Lyman Bostock, Sr.



"Don't forget where you come from, always stay in touch with God."
--Lyman Bostock, Sr.

March, 2005

Lyman Bostock, Sr.

Born: March 11, 1918 in Birmingham, AL
Ht:6'-1", Wt: 205
Batted left and threw left
Position: first base
Years: 1938-54
Teams:Brooklyn Royal Giants, Birmingham Black Barons, Chicago American Giants, Jackie Robinson All-Stars, Winnipeg Buffaloes, Carman Cardinals

Lyman Bostock, Sr. was one of the top first basemen of the 1940s, but it took his son, Lyman, Jr., to fulfill his Major League Dream.

Bostock grew up in Birmingham and played his first competitive baseball in the tough mining and industrial leagues around town, with such teams as the Stockham Pipe Shop and Eagle Iron Works. Bostock usually played games on the weekends and worked laying pipe or digging ditches during the week.

Bostock broke into the Negro Leagues with the Brooklyn Royal Giants in 1938, the same team fellow first baseman Buck Leonard had broken in with four years earlier. Bostock immediately gained a reputation as a slick-fielding first baseman and decent outfielder. He had a good enough glove, in fact, to play a few games at shortstop!

As for hitting, Bostock was a left-handed line drive hitter with good power, and generally batted above .300 with double digit home run totals.

In 1941, after moving on to the Birmingham Black Barons, Bostock started at first base in the East-West All-Star game and ripped at RBI single off Terris McDuffie in his first at bat.

Soon after, Bostock was drafted into the army, and when his hitch was over he had some trouble getting his batting groove back.

In 1947, Bostock signed with the Chicago American Giants, and got back to his sweet-swinging days, batting over .300 the next few years. In 1950, Bostock signed with the Winnipeg Buffaloes of the Manitoba-Dakota League, where he would spend several years.

After retiring from baseball, Bostock worked for the post office in Birmingham, and became a fine artist, specializing in carving handmade baseball bats. Bostock's carvings truly are fantastic pieces of art that deserve a place of honor wherever baseball fans could view them. Whether in Punta Cana Dominican Republic or Cancun, his bats have the ability to further the knowledge of the game of baseball and the history of the Negro Leagues.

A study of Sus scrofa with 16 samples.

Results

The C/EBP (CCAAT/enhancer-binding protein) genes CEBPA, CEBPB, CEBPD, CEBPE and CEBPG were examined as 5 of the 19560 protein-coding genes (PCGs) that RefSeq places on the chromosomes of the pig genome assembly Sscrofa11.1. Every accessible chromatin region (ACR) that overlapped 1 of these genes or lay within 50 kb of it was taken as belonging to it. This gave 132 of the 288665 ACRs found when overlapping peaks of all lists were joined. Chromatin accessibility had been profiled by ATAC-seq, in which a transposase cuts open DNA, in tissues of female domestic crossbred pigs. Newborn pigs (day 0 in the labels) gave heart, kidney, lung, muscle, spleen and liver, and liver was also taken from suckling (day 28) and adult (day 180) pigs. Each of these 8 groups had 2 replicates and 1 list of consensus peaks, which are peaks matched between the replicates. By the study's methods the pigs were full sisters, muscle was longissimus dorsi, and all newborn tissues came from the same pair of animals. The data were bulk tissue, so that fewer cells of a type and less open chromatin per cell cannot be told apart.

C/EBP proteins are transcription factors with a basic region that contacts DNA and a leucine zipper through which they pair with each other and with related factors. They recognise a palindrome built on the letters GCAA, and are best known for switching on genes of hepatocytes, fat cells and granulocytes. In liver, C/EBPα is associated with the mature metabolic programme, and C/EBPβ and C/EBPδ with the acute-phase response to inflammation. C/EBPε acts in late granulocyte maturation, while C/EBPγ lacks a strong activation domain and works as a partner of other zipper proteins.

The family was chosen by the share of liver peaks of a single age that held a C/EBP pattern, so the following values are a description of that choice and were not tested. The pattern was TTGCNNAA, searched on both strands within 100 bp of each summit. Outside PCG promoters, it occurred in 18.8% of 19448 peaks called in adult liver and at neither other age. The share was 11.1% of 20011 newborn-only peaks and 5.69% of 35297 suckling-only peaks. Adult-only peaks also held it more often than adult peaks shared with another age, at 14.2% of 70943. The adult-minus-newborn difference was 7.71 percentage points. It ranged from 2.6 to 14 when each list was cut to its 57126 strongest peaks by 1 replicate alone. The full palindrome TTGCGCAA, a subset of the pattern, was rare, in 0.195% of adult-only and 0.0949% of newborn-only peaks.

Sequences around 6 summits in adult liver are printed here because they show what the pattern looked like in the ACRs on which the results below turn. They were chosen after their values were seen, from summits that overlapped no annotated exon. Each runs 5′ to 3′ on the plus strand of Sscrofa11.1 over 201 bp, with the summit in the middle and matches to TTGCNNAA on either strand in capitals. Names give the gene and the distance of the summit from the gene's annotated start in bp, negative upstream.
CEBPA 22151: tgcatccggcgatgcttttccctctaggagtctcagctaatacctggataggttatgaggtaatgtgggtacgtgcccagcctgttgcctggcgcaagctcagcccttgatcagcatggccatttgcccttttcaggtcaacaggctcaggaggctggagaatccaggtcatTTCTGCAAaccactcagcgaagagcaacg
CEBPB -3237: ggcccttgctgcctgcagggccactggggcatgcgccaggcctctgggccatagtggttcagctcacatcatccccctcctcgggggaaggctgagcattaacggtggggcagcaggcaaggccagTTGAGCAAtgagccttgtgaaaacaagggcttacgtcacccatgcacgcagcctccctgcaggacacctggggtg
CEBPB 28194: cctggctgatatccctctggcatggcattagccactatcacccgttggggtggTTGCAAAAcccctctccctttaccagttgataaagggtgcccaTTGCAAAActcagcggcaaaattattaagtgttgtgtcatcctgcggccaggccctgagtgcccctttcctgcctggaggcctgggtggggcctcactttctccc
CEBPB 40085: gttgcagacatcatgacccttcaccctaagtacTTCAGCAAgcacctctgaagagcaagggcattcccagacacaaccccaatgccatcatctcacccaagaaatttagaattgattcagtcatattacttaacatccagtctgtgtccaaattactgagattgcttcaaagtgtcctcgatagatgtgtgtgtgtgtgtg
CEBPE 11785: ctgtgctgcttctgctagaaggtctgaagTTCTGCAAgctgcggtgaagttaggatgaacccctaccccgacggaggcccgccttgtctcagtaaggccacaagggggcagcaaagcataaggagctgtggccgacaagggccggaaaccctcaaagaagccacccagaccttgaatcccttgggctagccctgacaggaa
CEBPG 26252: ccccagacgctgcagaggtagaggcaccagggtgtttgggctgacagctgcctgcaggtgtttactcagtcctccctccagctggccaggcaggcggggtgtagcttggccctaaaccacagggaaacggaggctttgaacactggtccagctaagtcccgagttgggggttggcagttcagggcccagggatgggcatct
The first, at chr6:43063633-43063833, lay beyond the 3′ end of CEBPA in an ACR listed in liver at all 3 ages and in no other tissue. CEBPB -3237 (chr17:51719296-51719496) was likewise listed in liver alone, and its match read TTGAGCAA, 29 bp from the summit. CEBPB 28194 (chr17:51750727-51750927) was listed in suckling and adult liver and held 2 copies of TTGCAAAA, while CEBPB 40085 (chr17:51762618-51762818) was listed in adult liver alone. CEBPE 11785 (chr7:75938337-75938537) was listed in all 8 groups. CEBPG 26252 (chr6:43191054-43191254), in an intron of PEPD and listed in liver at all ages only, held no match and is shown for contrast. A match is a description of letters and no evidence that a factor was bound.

In the early 1970s, Bostock's son, Lyman Jr., starred as an outfielder at Cal. State-Northridge, and led them to a second place finish in the College World Series in '72. By 1975, Bostock was in the Major Leagues with the Minnesota Twins.

Junior, a strapping young left-hander like his dad, had all the talent his father had, plus good footspeed. In 1977, Bostock came in second to Rod Carew for the American League batting title (Carew hit .388!), when he batted .336 with 14 homers, 12 triples, 36 doubles and 90 RBIs.

Bostock, still his prime at age 26, was traded to the California Angels because the Twins couldn't afford his salary. The young star was as generous as he was talented, and donated $10,000 of his new salary to a Birmingham church.

After hitting terribly in April, Bostock tried to return his salary to Angels' owner Gene Autry. Autry refused, so Bostock donated his month's salary to charity.

Starting in May, Bostock started hitting like his old self, and was batting .296 in September when tragedy struck. Bostock was driving in his uncle's car on the 23rd in Gary, Indiana when he was gunned down in a case of mistaken identity. The man who shot Bostock was let out of prison after serving less than two years.

In 1981, Bostock was inducted into the Cal. State-Northridge Hall of Fame.

Click here to read a fine article about Lyman Bostock, Jr.